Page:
May 13, 2022

secular forms of Christian perfectionism within academia

I can vividly remember in the cult I was raised in, moments where we were made to listen to Christian apologetics--'proving' the inerrancy of the gospel, 'proving' how evolution wasn't real, or how Christian courtship was the only way to have a happy marriage. The function of these sessions, no matter how much it was asserted that this was so, was not to genuinely explore evidence to arrive at an unbiased conclusion, nor to encourage a genuine diversity of thought, but to find the pathway through to the predetermined 'correct' idea. In this way, otherwise outlandish and illogical ideas were able to appear to well-intentioned and perfectly intelligent rational people as having a strong patina of plausibility. When the factor of subtle communal pressure was added to this, it meant that anyone who wanted to remain in community would not challenge the orthodoxy. This meant that what was really at stake epistemologically and methodologically was obscured by gnosticism, in which God's will on earth was presumed instantiated by the group's leaders. To ask uncomfortable questions about groupthink was the same as questioning God's will.

There are massive differences between a small cult and the secular academy, but some of the more extreme progressive academic discourse resembles nothing so much as the gnostic theology of a cult. Like a cult, the goal is not independent thought but to find the way to the 'correct' idea, stated in the 'correct' language, that broadcasts that you belong to the 'right' people. There is not an independent method to arrive at truth, because truth is (like it was in the cult) purely a function of where you stand in relation to who is in power.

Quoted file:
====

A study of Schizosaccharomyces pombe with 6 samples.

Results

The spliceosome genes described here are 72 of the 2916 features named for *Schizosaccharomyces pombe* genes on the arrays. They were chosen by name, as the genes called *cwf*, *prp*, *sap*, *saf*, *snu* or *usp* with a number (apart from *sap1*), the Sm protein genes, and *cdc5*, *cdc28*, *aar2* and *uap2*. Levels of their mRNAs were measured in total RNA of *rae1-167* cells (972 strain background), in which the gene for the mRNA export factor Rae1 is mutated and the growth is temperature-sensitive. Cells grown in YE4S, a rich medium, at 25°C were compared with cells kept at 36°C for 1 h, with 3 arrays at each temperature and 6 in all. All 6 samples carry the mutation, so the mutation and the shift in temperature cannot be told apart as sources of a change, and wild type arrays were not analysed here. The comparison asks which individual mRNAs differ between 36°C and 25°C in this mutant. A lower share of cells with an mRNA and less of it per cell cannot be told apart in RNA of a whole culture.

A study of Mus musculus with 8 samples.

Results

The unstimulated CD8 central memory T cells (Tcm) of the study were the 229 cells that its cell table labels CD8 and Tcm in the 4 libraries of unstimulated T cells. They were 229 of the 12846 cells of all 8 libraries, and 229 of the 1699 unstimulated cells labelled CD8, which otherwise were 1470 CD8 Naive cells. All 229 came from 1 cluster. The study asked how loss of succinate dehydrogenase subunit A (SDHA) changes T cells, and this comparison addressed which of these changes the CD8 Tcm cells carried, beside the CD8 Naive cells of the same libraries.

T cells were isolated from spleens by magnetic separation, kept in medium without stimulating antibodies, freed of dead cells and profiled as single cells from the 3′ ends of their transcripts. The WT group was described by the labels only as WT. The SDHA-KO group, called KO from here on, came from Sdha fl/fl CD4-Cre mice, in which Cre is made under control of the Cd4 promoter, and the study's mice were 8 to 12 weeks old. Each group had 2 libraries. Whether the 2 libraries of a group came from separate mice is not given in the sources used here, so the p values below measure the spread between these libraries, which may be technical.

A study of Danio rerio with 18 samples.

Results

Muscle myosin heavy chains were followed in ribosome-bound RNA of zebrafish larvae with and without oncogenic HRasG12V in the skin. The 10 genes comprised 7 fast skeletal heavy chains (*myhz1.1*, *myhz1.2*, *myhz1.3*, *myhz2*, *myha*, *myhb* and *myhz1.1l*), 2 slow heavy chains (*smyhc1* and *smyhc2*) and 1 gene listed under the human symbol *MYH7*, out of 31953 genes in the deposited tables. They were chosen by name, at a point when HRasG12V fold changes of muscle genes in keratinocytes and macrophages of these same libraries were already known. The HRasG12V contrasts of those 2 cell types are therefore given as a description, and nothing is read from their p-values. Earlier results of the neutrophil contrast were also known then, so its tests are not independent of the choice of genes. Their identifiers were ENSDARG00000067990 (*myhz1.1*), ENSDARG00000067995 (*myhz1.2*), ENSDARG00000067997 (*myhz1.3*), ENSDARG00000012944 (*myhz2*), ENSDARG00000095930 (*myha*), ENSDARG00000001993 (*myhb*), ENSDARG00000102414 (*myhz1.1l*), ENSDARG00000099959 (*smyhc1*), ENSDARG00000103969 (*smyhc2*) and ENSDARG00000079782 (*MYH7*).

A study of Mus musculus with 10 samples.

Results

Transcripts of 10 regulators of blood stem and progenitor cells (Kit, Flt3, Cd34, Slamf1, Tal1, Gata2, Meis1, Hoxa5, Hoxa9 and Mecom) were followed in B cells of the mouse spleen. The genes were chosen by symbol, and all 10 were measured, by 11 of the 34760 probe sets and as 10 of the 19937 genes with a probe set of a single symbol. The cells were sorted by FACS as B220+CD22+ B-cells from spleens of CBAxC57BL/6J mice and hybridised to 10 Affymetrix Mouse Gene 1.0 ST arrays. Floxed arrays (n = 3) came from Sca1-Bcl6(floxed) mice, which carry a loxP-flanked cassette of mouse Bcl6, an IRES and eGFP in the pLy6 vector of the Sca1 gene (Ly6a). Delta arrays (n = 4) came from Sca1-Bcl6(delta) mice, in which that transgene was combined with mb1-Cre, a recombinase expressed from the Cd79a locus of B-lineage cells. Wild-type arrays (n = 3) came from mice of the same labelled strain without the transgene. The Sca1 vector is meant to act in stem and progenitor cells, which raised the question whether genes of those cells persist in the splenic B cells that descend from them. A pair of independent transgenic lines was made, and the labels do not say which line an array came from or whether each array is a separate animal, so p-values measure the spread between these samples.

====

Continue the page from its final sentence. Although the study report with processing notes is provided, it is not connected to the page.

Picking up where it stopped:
Now there is nothing wrong with forming a group around certain ideas; every group's foundations are to some extent a matter of social conformity rather than independent moral reasoning. But this tendency in academia concerns me because of the gap between what these groups imagine the stakes of their ideas are, and the actual state of the university within US society today. They remind me of warriors who have lost the map of the terrain of battle, and have become deluded that their real and ultimate enemies are within their academic disciplines. As neo-liberalism and austerity carve our vocation as humanities scholars into bits, and as the right ramps up the culture wars against the university, some of them imagine that it would be a good thing for certain departments or disciplines to be destroyed in the name of progress towards a 'revolution' deemed to be held back only by a cabal of 'status quo' scholars who lack sufficient faith in this alleged progress.

The end result of this secular form of Christian perfectionism seems nearly the same on the left as the conservative Christian cult I grew up in: a proportionally tiny group who imagine that the walls of the academy are the world itself, and that they are at the center of the site of a tremendous battle purifying the evils on the way to remaking the world. Like the cult I grew up in, this type of thinking appeals to the alienated and disaffected among the intellectuals because it is full of hubris that is made to appear morally justified. But this tendency is limiting. Such groups are inherently weak, easily divided by ideological infighting over small issues and thus easily picked off and overwhelmed by ideological opponents who really understand power. Not understanding power except in theoretical terms, this academic 'super-left' (to borrow Ali Mazrui's phrase) remain on the margins of it, and this place itself comes to seem like a form of exceptional virtue, as well as a form of evidence that there is a conspiracy against the truth they possess.